Bridger’s distance measurement technology is based on frequency-modulated continuous-wave (FMCW) LiDAR shown in Figure 1. Light from a frequency-swept, or “chirped”, laser is split into two portions; one portion (Tx) is transmitted to the target while the second portion (LO) is kept local and does not travel to the target. The laser light returning from the target (Rx) is interferometrically recombined with the LO and detected. Figure 1 (top right), shows the LO (black) and Rx (gray) optical frequencies (linear chirps) as functions of time. Because the Rx has traveled to the target and back, it is simply a time-delayed replica of the LO waveform. The time delay, 𝜏𝐷, is related to the target range (distance), 𝑅, through the relation

𝜏𝐷 = 2𝑅⁄𝑐, (1)

where 𝑐 is the speed of light. A detector measures the heterodyne beat (difference frequency) between the two optical fields. The heterodyne beat frequency is given by

𝑓𝑏𝑒𝑎𝑡 = 𝜅𝜏𝐷, (2)

where 𝜅 is the chirp rate. Figure 1 (bottom right) shows the Fourier transform of the heterodyne beat on a logarithmic vertical axis, with the horizontal frequency axis converted to range. This representation is referred to as the full-waveform range profile. Eqns. (1) and (2) can be combined to determine the target range through the equation

𝑅 = 𝑓𝑏𝑒𝑎𝑡𝑐⁄2𝜅, (3)

**Figure 1.** A conceptual diagram of FMCW ladar.

Often times, one desires to know the range to one or more targets along the beam path. Figure 2 shows a range profile, this time with a linear vertical axis, with three targets on the same bearing, but at different ranges. The following definitions follow from those of the radar community. As shown in Figure 2, the range resolution is defined as the minimum resolvable separation (full width at half maximum) between two targets on the same bearing, and is given by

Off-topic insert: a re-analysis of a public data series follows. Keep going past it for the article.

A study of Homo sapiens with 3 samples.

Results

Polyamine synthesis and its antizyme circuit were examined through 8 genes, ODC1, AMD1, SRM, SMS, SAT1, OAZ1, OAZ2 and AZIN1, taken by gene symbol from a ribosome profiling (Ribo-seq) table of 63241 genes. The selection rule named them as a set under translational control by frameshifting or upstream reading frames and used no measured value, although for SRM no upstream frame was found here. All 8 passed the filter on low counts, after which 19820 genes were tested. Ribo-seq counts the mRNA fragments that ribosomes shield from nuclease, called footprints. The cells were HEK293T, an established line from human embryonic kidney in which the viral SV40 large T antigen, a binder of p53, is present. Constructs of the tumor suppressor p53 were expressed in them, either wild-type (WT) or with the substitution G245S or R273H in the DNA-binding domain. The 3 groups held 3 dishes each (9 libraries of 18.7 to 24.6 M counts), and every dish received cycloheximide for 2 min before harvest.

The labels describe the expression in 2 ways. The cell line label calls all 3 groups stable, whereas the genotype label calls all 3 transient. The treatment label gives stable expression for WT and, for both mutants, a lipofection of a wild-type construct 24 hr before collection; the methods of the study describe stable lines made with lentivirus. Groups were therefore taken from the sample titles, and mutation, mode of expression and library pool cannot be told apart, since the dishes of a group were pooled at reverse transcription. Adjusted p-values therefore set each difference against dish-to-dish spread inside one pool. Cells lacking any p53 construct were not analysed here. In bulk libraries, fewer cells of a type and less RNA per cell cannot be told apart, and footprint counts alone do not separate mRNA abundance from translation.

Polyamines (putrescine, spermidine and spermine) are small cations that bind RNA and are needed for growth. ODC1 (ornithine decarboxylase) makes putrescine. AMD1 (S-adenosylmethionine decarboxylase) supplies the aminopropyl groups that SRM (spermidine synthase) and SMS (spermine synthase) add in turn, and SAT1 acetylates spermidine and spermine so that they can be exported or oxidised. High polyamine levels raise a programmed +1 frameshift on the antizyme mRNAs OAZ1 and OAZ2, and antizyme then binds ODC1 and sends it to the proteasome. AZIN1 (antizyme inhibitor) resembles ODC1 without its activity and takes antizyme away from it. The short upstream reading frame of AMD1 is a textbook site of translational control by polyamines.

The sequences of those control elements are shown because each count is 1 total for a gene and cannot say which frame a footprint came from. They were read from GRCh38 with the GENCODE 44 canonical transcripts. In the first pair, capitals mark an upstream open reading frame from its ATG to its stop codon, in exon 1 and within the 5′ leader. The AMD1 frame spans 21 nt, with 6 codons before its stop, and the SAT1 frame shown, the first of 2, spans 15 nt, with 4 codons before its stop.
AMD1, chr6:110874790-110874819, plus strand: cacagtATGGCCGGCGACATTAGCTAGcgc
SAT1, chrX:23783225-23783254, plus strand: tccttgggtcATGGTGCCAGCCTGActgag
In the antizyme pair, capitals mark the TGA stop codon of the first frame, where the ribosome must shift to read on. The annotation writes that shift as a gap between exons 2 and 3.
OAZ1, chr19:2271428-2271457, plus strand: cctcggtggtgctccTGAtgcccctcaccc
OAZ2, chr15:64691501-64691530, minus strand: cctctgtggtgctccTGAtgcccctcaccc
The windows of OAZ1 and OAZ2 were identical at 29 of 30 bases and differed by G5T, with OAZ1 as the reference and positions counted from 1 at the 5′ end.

∆𝑅 = 𝑐⁄2𝐵, (4)

where 𝐵 is the information bandwidth (chirp bandwidth for this case). However, it is often possible to determine the range of a target much more precisely than the resolution. As shown in Figure 2, the range precision is defined as the standard deviation of a statistically meaningful number of range measurements of the same target under the same conditions, and is given by the Cramér Rao lower bound,

𝜎𝑅 ≈ ∆𝑅⁄√𝑆𝑁𝑅, (5)

where SNR is the signal-to-noise ratio (in RF power) of the measurement. The beauty of Eqns. (4) and (5) are that they apply to any LiDAR system. To determine the range to a target with the best precision, one simply desires large information bandwidth and high signal-to-noise ratio.

A portion of Bridger’s intellectual property includes methods to actively linearize very broadband frequency chirps, which is important for achieving the fundamental limits of resolution, precision, and measurement range.

The FMCW LiDAR technique can offer a number of advantages over conventional “direct detect” LiDAR techniques including:

**Improved range resolution,**enabling the measurement and separation of multiple closely spaced surfaces.**Improved dynamic range,**enabling the measurement of both bright and dim objects simultaneously.**Single-photon sensitivity,**enabling small apertures, long range operation, and obscurant penetration.**Velocity sensitivity,**enabling the ability to detect and quantify motion.